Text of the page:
For Wednesday May 29, 2013, We Recommend Against Investing


Avoid US stock markets right now.  Price inflation hedges remain good long-term investments.  Continue to avoid all bond investments.

 Technical Comments:

The S&P 500 advanced 0.63% on Tuesday with volume above Friday but below the 30 day moving average volume.  Our pattern detection software classified Tuesday as a strong-volume up-day.  Should the S&P 500 decline about 36 points on Wednesday (-2.2%) our automated forecast would likely change to an uncertain trend.

Subjective Comments:

While Tuesday was a strong-volume up-day, the below average volume remains a concern for us in making a subjective recommendation.  Last week saw the occurrence of a strong-volume market declines.  Based purely on our technical indicators, the strong-volume decline last week could be random.  It is the persistent near-average and below-average volumes that have us concerned about the longevity of the current US market rally.  Also concerning us greatly is the slow-down in the US money supply growth.  For these reasons we continue to recommend against investing right now.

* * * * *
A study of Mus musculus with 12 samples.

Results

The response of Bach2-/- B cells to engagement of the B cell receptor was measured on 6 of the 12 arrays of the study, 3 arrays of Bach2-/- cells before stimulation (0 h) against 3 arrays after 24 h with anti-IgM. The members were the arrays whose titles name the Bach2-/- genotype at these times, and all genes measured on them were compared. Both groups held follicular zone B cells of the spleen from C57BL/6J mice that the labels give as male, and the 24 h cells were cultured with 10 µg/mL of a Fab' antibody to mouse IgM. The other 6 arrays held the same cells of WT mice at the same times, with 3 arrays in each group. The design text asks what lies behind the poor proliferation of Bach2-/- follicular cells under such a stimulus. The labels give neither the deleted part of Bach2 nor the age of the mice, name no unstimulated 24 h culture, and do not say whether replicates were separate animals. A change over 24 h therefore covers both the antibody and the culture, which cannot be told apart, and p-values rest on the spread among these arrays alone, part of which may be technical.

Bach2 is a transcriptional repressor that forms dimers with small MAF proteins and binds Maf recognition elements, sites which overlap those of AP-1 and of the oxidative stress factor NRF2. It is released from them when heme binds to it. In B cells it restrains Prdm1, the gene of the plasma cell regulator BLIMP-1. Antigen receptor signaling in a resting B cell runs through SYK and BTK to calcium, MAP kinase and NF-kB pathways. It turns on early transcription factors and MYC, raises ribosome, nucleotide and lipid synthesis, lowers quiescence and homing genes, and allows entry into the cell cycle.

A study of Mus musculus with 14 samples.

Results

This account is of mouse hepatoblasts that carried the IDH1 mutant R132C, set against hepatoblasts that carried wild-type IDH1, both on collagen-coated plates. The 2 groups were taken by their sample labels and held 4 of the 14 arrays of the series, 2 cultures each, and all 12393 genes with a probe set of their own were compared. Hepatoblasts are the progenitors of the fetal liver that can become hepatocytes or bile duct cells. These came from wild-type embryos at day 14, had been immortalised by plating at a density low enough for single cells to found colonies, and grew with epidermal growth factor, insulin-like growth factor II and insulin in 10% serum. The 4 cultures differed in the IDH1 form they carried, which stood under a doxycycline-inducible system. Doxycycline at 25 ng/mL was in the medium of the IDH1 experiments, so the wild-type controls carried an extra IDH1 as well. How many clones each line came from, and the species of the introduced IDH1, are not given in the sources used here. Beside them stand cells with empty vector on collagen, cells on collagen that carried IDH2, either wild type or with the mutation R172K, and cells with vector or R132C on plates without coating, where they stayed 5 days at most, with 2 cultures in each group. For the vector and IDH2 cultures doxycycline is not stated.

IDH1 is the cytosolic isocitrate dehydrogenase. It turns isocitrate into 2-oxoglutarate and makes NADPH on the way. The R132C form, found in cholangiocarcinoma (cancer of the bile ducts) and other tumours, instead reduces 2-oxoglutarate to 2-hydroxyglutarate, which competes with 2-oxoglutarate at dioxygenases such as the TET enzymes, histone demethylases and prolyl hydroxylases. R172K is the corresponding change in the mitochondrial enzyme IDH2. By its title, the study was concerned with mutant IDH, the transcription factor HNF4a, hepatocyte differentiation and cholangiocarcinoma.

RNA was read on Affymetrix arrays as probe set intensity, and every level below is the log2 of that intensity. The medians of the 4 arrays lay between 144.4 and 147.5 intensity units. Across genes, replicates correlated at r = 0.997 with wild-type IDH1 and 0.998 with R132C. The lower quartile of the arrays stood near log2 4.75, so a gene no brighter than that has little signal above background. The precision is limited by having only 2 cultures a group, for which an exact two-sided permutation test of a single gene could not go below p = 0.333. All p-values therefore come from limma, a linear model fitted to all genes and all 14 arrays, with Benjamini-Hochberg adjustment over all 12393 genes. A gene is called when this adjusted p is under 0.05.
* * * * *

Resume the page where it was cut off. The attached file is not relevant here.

We have repeatedly written about the high likelihood of price inflation in the US as a result of the past money printing by the Federal Reserve.  We strongly recommend this article posted recently by the Ludwig von Mises Institute to help understand why we continue to think strong price inflation will eventually occur.  Many factors impact the timing and severity of price inflation following massive amounts of money printing.  There are few unlikely things that would prevent price inflation at this point.  For example, the Fed could increase the fractional reserve requirement for all US banks to immediately change the current $1.7 Trillion of excess reserves into required reserves.  We doubt this will happen.  Instead we think it is more likely price inflation will accelerate followed by increasing bond yields.  If bond yields begin to be much higher than the 0.25% annual interest the Fed pays on excess reserves, US banks will start buying bonds or making other loans from their excess reserves and this will accelerate money supply growth and price inflation when it happens.  How fast this happens is impossible to guess, but at least the M2 money supply can be measured every week.